Transport and trucking insurance brokerage O’Connor Warren says several “material trends” in the heavy motor insurance space over recent months have led to some cost declines.

This includes more businesses electing to use fleet risk management tools such as driver monitoring systems which are beginning to reap the rewards of the investments.

O’Connor Warren senior account executive Isaac Mutu says operators are starting to see some competitive pricing on such technology as insurers compete for business. “Ultimately this is resulting in some operators seeing reductions in insurance spend for the first time in a number of years,” he says.

Some insurers are also electing to dispense altogether with “Single Vehicle Accident Excesses” known otherwise as “roll over excesses.”

Mutu says this has been a trend adopted by one of the largest general motor insurers in the market, but it comes with a word of caution. “The removal of these ‘roll over excesses’ is often being offset by an increase in annual insurance premium cost.“The need for analysis of operational risk such as geographic location and associated population density, freight type, and employee make-up and stability has never been more important.

“Insurance plays a critical part in securing not only your physical assets in the event of a loss, but also your liability associated with operating those assets.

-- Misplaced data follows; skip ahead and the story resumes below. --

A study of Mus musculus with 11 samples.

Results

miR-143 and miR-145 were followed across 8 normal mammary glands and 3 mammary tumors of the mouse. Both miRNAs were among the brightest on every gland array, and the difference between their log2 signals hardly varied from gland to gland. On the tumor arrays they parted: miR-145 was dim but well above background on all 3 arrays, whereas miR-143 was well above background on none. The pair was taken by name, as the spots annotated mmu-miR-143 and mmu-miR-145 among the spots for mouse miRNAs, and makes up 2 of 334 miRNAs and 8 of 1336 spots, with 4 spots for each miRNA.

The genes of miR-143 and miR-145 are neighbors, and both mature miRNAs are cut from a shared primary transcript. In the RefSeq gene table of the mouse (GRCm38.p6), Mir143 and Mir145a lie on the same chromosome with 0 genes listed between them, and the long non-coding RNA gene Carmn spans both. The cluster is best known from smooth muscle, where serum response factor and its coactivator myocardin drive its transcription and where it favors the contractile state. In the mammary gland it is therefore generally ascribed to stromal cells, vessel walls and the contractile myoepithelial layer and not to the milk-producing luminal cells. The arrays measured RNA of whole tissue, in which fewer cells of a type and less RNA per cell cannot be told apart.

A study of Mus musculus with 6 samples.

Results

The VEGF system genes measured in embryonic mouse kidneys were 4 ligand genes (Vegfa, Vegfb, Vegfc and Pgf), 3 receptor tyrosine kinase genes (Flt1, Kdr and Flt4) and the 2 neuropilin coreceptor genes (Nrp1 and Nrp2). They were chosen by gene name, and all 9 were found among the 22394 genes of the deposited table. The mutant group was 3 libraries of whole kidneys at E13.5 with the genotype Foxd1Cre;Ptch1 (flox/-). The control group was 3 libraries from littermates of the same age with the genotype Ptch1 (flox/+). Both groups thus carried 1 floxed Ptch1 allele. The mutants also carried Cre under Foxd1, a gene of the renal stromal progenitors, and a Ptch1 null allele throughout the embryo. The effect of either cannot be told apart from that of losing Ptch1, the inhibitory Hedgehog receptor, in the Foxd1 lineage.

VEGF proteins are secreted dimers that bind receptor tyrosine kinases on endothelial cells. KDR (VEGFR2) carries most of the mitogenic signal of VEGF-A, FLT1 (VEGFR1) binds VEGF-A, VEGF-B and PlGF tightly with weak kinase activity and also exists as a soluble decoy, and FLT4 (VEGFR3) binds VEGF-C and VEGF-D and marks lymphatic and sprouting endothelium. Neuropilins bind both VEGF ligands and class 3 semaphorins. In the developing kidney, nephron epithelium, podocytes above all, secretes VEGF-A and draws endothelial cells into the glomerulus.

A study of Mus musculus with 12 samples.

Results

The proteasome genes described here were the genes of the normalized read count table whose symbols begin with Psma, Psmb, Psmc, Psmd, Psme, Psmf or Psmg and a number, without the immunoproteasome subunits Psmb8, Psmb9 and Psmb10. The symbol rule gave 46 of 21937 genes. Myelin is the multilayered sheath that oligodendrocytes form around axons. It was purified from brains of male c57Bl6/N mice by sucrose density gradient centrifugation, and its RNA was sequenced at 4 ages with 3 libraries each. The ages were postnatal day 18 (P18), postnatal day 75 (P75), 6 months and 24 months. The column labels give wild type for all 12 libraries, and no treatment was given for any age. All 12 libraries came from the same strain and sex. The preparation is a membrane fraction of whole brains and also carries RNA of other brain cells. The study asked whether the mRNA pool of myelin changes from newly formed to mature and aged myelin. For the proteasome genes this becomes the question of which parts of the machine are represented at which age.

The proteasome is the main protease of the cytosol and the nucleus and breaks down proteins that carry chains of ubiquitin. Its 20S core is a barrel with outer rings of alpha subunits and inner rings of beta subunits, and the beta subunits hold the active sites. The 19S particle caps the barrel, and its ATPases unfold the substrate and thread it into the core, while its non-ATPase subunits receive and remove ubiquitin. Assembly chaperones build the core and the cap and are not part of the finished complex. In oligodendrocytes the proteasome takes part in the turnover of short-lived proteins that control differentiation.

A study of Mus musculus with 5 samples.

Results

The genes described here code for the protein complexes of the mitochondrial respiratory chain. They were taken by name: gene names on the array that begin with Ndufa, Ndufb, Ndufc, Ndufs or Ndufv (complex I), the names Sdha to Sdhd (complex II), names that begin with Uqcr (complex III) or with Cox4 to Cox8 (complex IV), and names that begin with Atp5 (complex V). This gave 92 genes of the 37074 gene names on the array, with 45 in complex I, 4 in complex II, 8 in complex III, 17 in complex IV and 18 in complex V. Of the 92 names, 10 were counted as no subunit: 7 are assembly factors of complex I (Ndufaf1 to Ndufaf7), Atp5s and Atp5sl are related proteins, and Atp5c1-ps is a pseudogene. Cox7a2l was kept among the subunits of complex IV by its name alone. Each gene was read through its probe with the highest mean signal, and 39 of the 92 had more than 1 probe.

“Engagement with you broker or intermediary is as important as ever,” Mutu says. In the asset finance space, particularly with respect to non-bank lenders, there’s been sustained new sales activity, with truck manufacturers and resellers setting new vehicle order records over the past 12 months. To manage this demand, lenders in both the intermediated and direct sales channels are providing competitive financing rates to operators with healthy balance sheets and evidenced, sustainable growth strategies.

On the flipside of the financing equation, transport operators with large lending exposures are starting to see lenders retain full sales proceeds of end of economic life vehicles or used trade sales, Mutu says.

“Historically, these sales proceeds will have been retained by the borrower with the intention of re-investing into new plant purchases. “However, lenders are currently paying particular attention to total portfolio exposures with a view to reducing their client’s debt-to-equity ratios.

“Just because you no longer owe anything on a particular individual unit, do not expect to be able to retain those sales proceeds by default if you have additional units with lending still attached to them,” he says.